The U.S. Senate began its Thanksgiving recess Wednesday — a day earlier than originally planned — and will not return until the week of Nov. 30. Its discussions regarding the next round of COVID-19 relief legislation remain at a monthslong impasse. The United States has been averaging more than 162,000 new coronavirus cases per day over the past seven days, and the nation surpassed a quarter-million deaths from COVID-19 this week.
The Health and Economic Recovery Omnibus Emergency Solutions Act — a $3.4 trillion response to COVID-19 and follow-up to March’s $2.2 trillion Coronavirus Aid, Relief and Economic Security Act — was passed by the U.S. House of Representatives on May 15, more than six months ago.
The urgency of a second bill, or at least some negotiated version of it, was clear even then. Health and economic experts had detailed how the rest of 2020 was likely to unfold and what would be required to combat the virus and its impact on the economy.
Think back to six months ago. We knew of the families in need; the small businesses fracturing, some to the point of no return; the health care workers navigating long, dangerous shifts and needing the equipment to keep doing so; the schools attempting to deploy unprecedented instructional models; and the local governments experiencing revenue shortfalls and subsequently slashing public services in order to stay afloat.
So much loss, sorrow and financial devastation.
Now think of Thanksgiving.
Of U.S. senators going home to their families for an extended Thanksgiving break. A cherished holiday that we’ve been told — by the Centers for Disease Control and Prevention and the state Department of Health — that we should not spend with anyone beyond our immediate household.
Are you angry?
You should be.
Perhaps Congress couldn’t have saved Thanksgiving.
But on the other hand, Congress — and specifically the Senate — hasn’t saved much of anything for half a year now.
And now another winter is coming. America’s death toll has surpassed 252,000. And our greatest pain of the pandemic is all but guaranteed in the coming weeks. As The Atlantic noted Thursday, “predicting the virus’s death toll in the near term has become a matter of brutal arithmetic: 150,000 cases a day, times 1.5 percent, will lead to 2,250 daily deaths.”
But, please, pass the senators another turkey leg.
COVID-19 relief is needed now, to lessen the pandemic’s negative effects on families and businesses and to help spur America’s recovery.
The House’s newest relief bill — which now exists as a slimmer version passed by that chamber in October — isn’t perfect, but at least the House has done its job to begin the debate. The Senate and the Trump administration have not held up their end of the response to this crisis.
The stakes are far too high to delay any longer.
In Sunday’s editorial, we noted that local health facilities had to rely for months on their own resources to get protective equipment for staff and that “depending on the federal government has proven to be a risky proposition — as the struggling families, business owners and municipal and school officials still waiting for a second stimulus bill can attest.”
City of Lancaster Mayor Danene Sorace, while directing most of her plea to state lawmakers, noted in an op-ed earlier this week that reduced revenues because of COVID-19 have pushed cities like Lancaster “further toward financial devastation — either in the way of increased taxes, curtailed services or both.”
Congress has the power through a stimulus to help municipal governments remain solvent, address this health crisis and continue to provide necessary public services until we are past the threat of the virus.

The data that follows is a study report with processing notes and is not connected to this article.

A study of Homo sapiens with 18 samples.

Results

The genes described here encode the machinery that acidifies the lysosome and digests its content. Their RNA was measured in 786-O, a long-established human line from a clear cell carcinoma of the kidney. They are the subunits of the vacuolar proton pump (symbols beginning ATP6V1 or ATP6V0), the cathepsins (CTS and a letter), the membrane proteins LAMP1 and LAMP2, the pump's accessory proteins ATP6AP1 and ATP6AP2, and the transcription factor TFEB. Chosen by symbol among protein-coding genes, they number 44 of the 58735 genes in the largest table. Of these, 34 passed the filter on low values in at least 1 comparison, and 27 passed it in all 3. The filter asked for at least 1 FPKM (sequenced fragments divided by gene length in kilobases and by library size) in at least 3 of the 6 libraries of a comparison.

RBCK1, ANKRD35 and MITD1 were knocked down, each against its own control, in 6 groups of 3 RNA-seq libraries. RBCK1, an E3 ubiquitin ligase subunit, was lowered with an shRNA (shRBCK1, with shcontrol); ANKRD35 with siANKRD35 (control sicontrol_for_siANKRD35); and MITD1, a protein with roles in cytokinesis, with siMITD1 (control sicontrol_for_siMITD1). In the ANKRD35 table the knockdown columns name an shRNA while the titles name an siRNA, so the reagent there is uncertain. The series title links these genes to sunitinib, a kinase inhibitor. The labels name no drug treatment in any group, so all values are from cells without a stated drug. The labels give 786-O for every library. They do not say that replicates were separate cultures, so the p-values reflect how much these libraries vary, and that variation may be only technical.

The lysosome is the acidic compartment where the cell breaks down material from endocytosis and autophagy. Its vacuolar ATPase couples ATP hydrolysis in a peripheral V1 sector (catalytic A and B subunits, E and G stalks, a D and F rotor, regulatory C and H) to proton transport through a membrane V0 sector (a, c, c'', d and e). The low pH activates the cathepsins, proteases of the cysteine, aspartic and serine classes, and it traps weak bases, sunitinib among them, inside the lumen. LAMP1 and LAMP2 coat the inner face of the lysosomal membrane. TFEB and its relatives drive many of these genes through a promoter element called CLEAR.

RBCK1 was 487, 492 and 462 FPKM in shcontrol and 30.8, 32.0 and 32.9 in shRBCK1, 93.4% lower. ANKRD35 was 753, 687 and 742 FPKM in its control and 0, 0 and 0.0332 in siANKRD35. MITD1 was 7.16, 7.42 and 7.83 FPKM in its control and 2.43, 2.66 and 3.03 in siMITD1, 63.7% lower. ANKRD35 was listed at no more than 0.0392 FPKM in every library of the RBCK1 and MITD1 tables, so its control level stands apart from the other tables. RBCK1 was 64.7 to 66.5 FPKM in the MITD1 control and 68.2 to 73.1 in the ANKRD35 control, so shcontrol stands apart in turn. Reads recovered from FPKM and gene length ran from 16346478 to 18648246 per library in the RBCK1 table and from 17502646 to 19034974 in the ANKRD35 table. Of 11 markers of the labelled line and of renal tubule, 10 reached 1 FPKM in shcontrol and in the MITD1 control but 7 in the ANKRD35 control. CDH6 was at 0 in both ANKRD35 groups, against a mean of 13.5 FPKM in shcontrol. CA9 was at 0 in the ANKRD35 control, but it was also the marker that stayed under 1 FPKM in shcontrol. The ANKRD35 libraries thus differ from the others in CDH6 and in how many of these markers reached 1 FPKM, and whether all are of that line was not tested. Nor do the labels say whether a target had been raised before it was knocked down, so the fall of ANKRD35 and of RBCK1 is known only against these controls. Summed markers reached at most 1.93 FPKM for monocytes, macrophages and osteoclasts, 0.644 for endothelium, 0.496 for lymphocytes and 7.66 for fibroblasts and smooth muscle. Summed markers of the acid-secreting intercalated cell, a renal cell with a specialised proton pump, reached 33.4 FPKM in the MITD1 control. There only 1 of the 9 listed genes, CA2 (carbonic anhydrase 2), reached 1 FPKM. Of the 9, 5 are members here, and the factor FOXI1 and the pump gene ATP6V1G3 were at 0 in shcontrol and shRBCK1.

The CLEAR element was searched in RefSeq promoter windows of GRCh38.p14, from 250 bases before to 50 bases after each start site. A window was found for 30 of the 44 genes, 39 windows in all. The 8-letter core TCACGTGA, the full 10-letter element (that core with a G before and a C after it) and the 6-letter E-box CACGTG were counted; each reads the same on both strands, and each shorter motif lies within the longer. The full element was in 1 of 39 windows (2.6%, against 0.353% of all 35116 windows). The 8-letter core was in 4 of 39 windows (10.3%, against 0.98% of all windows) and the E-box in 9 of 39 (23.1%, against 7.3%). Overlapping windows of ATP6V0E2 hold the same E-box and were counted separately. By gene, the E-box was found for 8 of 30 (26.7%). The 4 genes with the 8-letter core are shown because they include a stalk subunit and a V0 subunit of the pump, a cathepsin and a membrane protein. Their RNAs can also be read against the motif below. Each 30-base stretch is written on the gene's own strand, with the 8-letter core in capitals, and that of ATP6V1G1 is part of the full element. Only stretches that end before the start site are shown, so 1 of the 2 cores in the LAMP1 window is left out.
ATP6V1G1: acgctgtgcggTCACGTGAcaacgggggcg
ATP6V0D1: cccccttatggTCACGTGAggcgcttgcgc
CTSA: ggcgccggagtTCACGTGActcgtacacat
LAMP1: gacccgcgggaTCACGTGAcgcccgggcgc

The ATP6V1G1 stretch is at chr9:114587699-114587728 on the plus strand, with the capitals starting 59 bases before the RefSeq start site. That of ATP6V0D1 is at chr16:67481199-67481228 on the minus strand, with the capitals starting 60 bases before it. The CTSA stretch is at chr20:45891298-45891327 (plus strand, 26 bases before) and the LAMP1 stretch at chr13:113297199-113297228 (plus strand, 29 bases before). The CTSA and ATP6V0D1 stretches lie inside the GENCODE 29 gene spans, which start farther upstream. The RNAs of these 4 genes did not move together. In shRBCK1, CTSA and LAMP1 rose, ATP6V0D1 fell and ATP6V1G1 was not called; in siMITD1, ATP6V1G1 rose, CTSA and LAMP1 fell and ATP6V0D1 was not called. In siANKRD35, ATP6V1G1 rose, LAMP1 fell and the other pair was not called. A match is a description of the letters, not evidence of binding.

That’s why we were disappointed to see Pennsylvania Sen. Pat Toomey criticize Philadelphia’s new coronavirus restrictions as seemingly “inconsistent and arbitrary” in a tweet on Monday.
Nothing about his tweet was helpful. We’d prefer that Toomey and his colleagues do their jobs on the floor of the U.S. Senate instead of taking cheap shots from the peanut gallery. He and his fellow senators can do great good by pushing COVID-19 relief across the finish line immediately upon their return from Thanksgiving break.
And if Toomey and the Senate can’t accomplish that, then they certainly have zero standing to criticize local officials who are doing their best with limited resources and few palatable options.
Most believe the next round of federal relief won’t come until the convening of the new Congress and Joe Biden’s inauguration early next year.
Waiting that long will cause lasting harm.
Federal programs intended to aid Americans struggling financially will expire within weeks.
“An estimated 12 million people could lose unemployment payments on Dec. 26, potentially pushing many over the brink, if Congress is unable to pass a new stimulus bill before then,” The Washington Post reported. “Economists worry about the catastrophic effects of this expiration.”
Furthermore, “The nationwide eviction moratorium put in place by the Centers for Disease Control and Prevention expires at the end of the year, as does the student loan forbearance that President Trump implemented by executive order,” CBS News noted.
Combined, all of this would be a disaster for American families and their futures.
Today, Lancaster County is coming together for the Extraordinary Give. For nearly a decade, it’s been a day when we recognize the myriad needs in our community and dig deep to help them. We collectively rise to the occasion, and this year we are doing so for nonprofits — and those they serve — that have been hit hard by the pandemic.
We do our part.
It shouldn’t be too much to ask those we elected to the highest offices to do theirs. COVID-19 relief is needed now, and we only wish it could have come before the day when we will grasp that wishbone, close our eyes and pray for better days ahead.